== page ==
John Gibson: New Works

Oct 5 - Dec 8, 2018

Santa Fe

For more Information:

Press Release

John Gibson: New Works

October 5 - December 8, 2018


Contact: Evan Feldman, Director

Phone: (505) 954-5738


Hours: Monday – Saturday, 10-5PM


The Gerald Peters Gallery is pleased to announce an exhibition of new oil paintings and watercolors by John Gibson. Featuring his signature motif of brightly patterned spheres that loom in an illusion of light and space, the exhibition highlights Gibson’s recent involvement with watercolor. The results of Gibson’s exploration with watercolor are both fresh and provocative.
For over two decades, Gibson has been examining the illusion of spheres in space, either as a single ball resting on a receding plane, or as groups in imaginative still-life settings that appear convincing at first and yet ultimately defy gravity and logic. A masterful magician and a juggler in paint, Gibson conjures a luminous atmosphere and deploys the colorful toys of children in a sophisticated subversion of the eye and mind. 
In their geometric precision and optical fantasy, Gibson’s compositions contain echoes of the early experiments of Paolo Uccello and Piero della Francesca, the first Renaissance masters of light and perspective illusion. Most of his spheres are painted within a square format. But by adding a few inches to the vertical dimension, Gibson causes the spheres to appear rounder and more three-dimensional. They become sculptural elements that seem to turn as you view them.
Gibson’s oil paintings are usually on wood panels, which he sands heavily and scores along the design patterns to add dimensionality. His palette ranges from deep, warm hues to soft, icy tones. The watercolors are composed of rich, layered washes of color which form atmospheric backgrounds for his smooth and glossy subjects.
In a recent statement Gibson notes the special challenges of technique and performance in the process: “I paint balls because they are the most simple and fundamentally different thing from the flat surface of a painting that I can tink of. I like that elegant opposition of forces. Every day I try to wring a 'real' ball out of a flat surface and every day I can't quite do it. In the good paintings there is some residue of that effort and in the best paintings there is a lot. In many ways then the subject of these paintings - at least for me - is just that residue: a wish for something that cannot be had; a version of a ball overlaid with desire."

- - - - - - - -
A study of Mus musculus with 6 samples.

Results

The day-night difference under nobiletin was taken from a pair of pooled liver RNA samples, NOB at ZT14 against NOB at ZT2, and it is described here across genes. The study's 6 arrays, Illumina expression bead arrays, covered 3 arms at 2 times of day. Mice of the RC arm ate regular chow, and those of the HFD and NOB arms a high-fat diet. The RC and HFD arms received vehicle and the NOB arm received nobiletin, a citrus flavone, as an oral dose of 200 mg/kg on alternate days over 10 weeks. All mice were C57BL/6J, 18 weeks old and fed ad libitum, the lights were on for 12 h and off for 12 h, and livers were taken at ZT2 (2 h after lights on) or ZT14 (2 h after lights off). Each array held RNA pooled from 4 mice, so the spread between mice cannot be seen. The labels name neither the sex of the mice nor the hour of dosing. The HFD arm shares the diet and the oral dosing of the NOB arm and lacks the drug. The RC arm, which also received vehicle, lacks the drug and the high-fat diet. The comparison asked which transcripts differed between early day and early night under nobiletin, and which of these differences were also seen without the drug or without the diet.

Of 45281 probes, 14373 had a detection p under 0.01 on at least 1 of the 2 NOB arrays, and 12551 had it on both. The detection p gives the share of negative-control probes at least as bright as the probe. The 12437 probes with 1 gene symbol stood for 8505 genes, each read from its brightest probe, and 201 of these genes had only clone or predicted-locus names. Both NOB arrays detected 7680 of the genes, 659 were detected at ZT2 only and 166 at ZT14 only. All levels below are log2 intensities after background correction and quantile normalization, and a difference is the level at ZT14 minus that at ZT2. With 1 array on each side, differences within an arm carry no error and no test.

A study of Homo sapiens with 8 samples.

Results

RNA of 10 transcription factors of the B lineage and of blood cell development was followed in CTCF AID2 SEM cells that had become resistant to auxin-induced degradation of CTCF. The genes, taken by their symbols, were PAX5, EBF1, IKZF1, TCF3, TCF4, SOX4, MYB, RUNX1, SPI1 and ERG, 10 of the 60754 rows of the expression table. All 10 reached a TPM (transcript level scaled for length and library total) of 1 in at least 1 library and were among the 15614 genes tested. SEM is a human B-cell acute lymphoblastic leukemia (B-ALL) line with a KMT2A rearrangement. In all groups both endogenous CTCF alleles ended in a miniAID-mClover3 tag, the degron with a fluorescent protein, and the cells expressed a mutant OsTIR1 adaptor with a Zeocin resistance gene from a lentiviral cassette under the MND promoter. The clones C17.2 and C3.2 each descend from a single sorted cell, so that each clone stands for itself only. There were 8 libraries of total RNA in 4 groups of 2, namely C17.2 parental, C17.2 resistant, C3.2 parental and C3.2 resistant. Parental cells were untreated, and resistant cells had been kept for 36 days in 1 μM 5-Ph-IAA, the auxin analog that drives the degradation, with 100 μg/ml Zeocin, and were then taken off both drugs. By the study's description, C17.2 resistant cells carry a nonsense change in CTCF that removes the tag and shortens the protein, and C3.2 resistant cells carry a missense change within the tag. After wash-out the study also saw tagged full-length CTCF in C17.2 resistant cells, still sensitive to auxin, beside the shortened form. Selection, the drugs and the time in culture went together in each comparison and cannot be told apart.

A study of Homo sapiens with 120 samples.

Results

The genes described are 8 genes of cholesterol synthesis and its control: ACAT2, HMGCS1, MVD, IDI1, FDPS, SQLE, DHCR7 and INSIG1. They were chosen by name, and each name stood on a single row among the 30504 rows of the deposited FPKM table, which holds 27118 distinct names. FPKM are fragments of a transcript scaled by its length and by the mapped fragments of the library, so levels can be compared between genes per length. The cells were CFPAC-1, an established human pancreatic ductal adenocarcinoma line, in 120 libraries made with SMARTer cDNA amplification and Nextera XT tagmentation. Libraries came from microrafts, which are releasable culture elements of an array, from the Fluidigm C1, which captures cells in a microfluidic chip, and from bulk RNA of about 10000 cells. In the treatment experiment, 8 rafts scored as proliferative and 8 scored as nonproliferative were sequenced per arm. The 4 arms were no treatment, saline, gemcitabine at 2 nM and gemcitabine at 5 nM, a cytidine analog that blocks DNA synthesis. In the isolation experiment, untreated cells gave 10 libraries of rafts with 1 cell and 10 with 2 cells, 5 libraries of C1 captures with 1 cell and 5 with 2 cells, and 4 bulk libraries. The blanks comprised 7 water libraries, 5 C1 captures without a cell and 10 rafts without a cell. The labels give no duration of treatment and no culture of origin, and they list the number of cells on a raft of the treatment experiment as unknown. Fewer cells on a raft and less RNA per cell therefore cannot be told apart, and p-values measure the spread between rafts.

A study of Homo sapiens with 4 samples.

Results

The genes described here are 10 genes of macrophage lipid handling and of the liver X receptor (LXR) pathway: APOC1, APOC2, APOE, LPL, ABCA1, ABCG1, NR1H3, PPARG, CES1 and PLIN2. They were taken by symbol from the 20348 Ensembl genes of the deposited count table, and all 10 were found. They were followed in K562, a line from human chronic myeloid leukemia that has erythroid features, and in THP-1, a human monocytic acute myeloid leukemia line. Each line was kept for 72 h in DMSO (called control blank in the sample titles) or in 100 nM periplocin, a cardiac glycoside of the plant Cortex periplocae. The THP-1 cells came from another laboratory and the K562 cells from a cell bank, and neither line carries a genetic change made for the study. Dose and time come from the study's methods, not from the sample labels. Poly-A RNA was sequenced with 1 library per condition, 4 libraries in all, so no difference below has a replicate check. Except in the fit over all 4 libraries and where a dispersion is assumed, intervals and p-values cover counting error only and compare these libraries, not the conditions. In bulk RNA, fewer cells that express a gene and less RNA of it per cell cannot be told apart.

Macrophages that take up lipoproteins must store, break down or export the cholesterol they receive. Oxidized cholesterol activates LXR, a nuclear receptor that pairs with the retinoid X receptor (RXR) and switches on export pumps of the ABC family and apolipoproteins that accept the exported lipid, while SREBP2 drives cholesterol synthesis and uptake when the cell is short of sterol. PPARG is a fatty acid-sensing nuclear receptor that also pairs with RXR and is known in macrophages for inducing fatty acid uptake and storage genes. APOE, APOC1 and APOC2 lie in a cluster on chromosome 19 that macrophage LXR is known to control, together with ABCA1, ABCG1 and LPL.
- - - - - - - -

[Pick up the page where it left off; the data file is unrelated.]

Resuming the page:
Artist Information

John Gibson is a native of Massachusetts, born in Boston in 1958. He attended the Rhode Island School of design (where he earned a BFA in 1980), before earning his post-graduate degree from the prestigious master’s program at Yale. Gibson had his first one-man show at the University of Massachusetts in 1984, and he began showing in group exhibitions in the Boston and New York areas in the late 1980s. In the early 1990s Gibson’s paintings began to focus on pyramidal compositions of spheres resembling children’s playground balls, decorated in the manner of colorful soccer balls. Executed in oil on wooden panel, these pieces began to attract generous critical praise for Gibson from the pages of the Boston Globe, the Partisan Review, and the New Yorker, among others. Gibson’s paintings are filled with subtle yet provocative disjunctions, which challenge the viewer’s initial perceptions of the pieces. While these images would seem at first to be fairly simple atmospheric, realistic renderings of colorful balls, a closer examination will reveal that the surfaces of Gibson’s paintings are deeply scored by the artist in geometric patterns that sometimes conform to, and in other instances defy, the outlines of the spheres rendered in paint. An invisible substructure is suggested in these incisions, which also serve to reinforce the physicality of the painting. Some pieces also include incised and/or painted suggestions of shadowy architectural spaces (arches, hallways, shallow niches) in which the balls are placed. The scale of the objects rendered is ultimately unclear: the balls could be of the large, inflatable type, but they alternatively suggest the density of much smaller decorated wooden croquet balls (a disjunction heightened by the scale of the paintings, which range from larger-than-life to miniatures of only 10 by 6 inches or less). Additionally, the multiple-ball, open-pyramid arrangements depicted in Gibson’s paintings are impossible structures, suggesting that however realistically they may be rendered, they are in fact constructs of the artist’s imagination, straddling the divide between representation and geometric abstraction. John Gibson’s work is currently to be found in numerous corporate and public collections around the country, including those of the Metropolitan Museum of Art in New York, University of Massachusetts, the Ackland Art Museum in Chapel Hill, North Carolina, and the New York Public Library.